Did you realise that most of the hawker food that we are familiar with are less than a century old? It’s true! A few of our most famous heritage stalls can trace their roots back to around the early 1900’s. That makes it about 3 or 4 generations from then till now. There are a few very famous names which have span 3 or 4 generations and inevitably they would have created some sibling rivalry along the way. Names like Beach Road Prawn Noodle and Rochor Bean Curd immediately come to mind.
Then of course there is the famous Hock Lam Beef Kway Teow which is the subject of our discussion today. Yes, the man who made famous the Teochew style Beef Kway Teow bestowed the business to his 4th son, Anthony because he did not do so well in school. But later on the youngest son also wanted a piece of the “Hock Lam” name. So the only legitimate owner of the Hock Lam franchise is the one at China St whereas the “Popular” Hock Lam Beef Kway Teow at Purvis street is considered the illegitimate one though both are brothers and thus share in the family recipe.
But that is not all, the patriarch, Mr Tan Chin Sia also had a daughter who also decided to go into the Beef Kway Teow business, but she started selling it at Empress Place and called hers Empress Place Beef Kway Teow instead. It did very well, but unfortunately had to close down during the MadCow epidemic in the late eighties. Fortunately for us, the Brand was resurrected again in few years ago when her son decided to bring back the familiar Beef Kway Teow that he used to eat at his grandfather’s stall.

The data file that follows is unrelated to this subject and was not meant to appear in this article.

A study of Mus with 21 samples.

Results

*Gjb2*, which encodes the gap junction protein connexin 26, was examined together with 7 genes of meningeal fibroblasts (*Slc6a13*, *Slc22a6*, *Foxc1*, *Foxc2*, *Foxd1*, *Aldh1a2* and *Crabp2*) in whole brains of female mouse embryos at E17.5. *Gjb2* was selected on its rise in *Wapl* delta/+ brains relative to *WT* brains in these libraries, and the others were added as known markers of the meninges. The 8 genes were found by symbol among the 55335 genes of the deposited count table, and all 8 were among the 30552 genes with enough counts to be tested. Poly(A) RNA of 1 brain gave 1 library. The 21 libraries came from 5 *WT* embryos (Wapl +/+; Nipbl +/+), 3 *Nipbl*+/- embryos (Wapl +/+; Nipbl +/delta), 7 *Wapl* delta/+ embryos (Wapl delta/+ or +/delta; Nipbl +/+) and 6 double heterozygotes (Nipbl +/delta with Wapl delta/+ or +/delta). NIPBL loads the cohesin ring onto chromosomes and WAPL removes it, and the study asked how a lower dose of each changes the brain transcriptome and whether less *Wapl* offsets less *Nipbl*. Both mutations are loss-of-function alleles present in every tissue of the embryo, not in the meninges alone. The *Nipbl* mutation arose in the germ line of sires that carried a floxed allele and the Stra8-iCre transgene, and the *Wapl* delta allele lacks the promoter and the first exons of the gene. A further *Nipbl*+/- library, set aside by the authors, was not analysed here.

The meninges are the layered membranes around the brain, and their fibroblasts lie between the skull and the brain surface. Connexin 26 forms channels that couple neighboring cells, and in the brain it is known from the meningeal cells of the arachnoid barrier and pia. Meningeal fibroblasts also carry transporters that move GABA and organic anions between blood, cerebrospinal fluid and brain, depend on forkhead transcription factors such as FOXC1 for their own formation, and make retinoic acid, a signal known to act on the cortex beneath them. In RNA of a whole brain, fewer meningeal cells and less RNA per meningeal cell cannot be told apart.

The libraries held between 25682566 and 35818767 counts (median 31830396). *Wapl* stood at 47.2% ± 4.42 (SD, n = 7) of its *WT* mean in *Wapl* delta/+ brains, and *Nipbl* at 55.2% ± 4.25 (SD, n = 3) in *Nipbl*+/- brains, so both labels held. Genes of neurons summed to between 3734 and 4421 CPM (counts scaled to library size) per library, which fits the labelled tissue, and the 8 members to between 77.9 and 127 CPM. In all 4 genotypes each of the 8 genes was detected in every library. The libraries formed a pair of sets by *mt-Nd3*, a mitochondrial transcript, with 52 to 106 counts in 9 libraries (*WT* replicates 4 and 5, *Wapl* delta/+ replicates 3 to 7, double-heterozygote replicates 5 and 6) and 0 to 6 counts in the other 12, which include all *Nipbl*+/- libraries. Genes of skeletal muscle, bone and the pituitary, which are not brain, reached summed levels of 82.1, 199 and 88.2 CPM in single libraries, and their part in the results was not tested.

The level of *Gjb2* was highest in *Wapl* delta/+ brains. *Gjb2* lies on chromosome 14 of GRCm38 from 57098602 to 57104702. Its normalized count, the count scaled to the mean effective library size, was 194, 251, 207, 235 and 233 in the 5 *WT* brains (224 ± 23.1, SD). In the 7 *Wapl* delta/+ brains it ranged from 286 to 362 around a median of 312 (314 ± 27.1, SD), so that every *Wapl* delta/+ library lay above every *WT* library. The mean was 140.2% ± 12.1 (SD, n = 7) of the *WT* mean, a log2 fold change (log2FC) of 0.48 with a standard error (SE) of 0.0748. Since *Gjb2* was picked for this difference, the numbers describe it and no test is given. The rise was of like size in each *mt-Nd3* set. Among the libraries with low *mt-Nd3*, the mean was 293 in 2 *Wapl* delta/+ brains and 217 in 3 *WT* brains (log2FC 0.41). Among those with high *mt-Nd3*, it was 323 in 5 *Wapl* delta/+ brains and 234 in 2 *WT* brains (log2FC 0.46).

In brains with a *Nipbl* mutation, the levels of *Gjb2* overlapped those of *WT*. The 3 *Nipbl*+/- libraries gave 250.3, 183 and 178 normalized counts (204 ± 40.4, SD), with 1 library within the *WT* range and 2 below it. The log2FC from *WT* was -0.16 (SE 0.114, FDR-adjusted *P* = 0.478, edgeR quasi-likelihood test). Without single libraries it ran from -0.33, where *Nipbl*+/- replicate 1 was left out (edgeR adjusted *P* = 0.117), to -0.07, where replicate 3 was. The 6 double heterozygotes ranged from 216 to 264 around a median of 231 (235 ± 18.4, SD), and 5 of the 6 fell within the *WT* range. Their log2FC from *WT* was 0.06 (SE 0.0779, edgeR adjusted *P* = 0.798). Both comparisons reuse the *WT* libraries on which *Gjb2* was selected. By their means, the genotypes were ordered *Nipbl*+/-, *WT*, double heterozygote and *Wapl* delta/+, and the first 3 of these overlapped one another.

So much for that little bit of Beef Kway Teow history, back to a more tasty subject.
Have you ever wondered why Beef Kway Teow is called Kway Teow even though most of the time you eat it with thick bee hoon? Well, there are really two types of Beef Kway Teow in the market, the Hainanese style and the Teochew Style. The familiar one with the thick bee hoon and thick sticky gravy is in fact Hainanese style. According to David, there are very few stalls apart from his that sells true blue Teochew style beef kway teow. True Teochew beef kway teow is never served with thick bee hoon and there is never any thick gravy. David said that his Grandfather will turn in his grave if he realised what had happened to his Hock Lam St beef kway teow.
Instead, Teochew style beef kway teow uses normal kway teow and the dry version is served with just a dash of sesame oil, soy sauce and chilli. Now I was skeptical at first, but with my first mouthful of the kway teow, I realised what I have been missing. The kway teow was indeed very fragrant and the slices of beef were cooked medium and were very tender. Unexpectedly good! My favourite was the cooked beef and the tendons which were very “pang” and had an uncomplicated beefy flavour. The soup was also sweet and robust which David attributes to having the bones simmer in the soup for over 2 days. 4.5/5
I tend to believe that Teochew beef kway teow was originally served this way because of the fact that kway teow is used and also that the Teochews in general prefer most of their food to be “cheng” (not heavy). So the sticky gravy I think is more likely to be Hainanese in origin. Any food historians amongst our readers who can shed more light on this?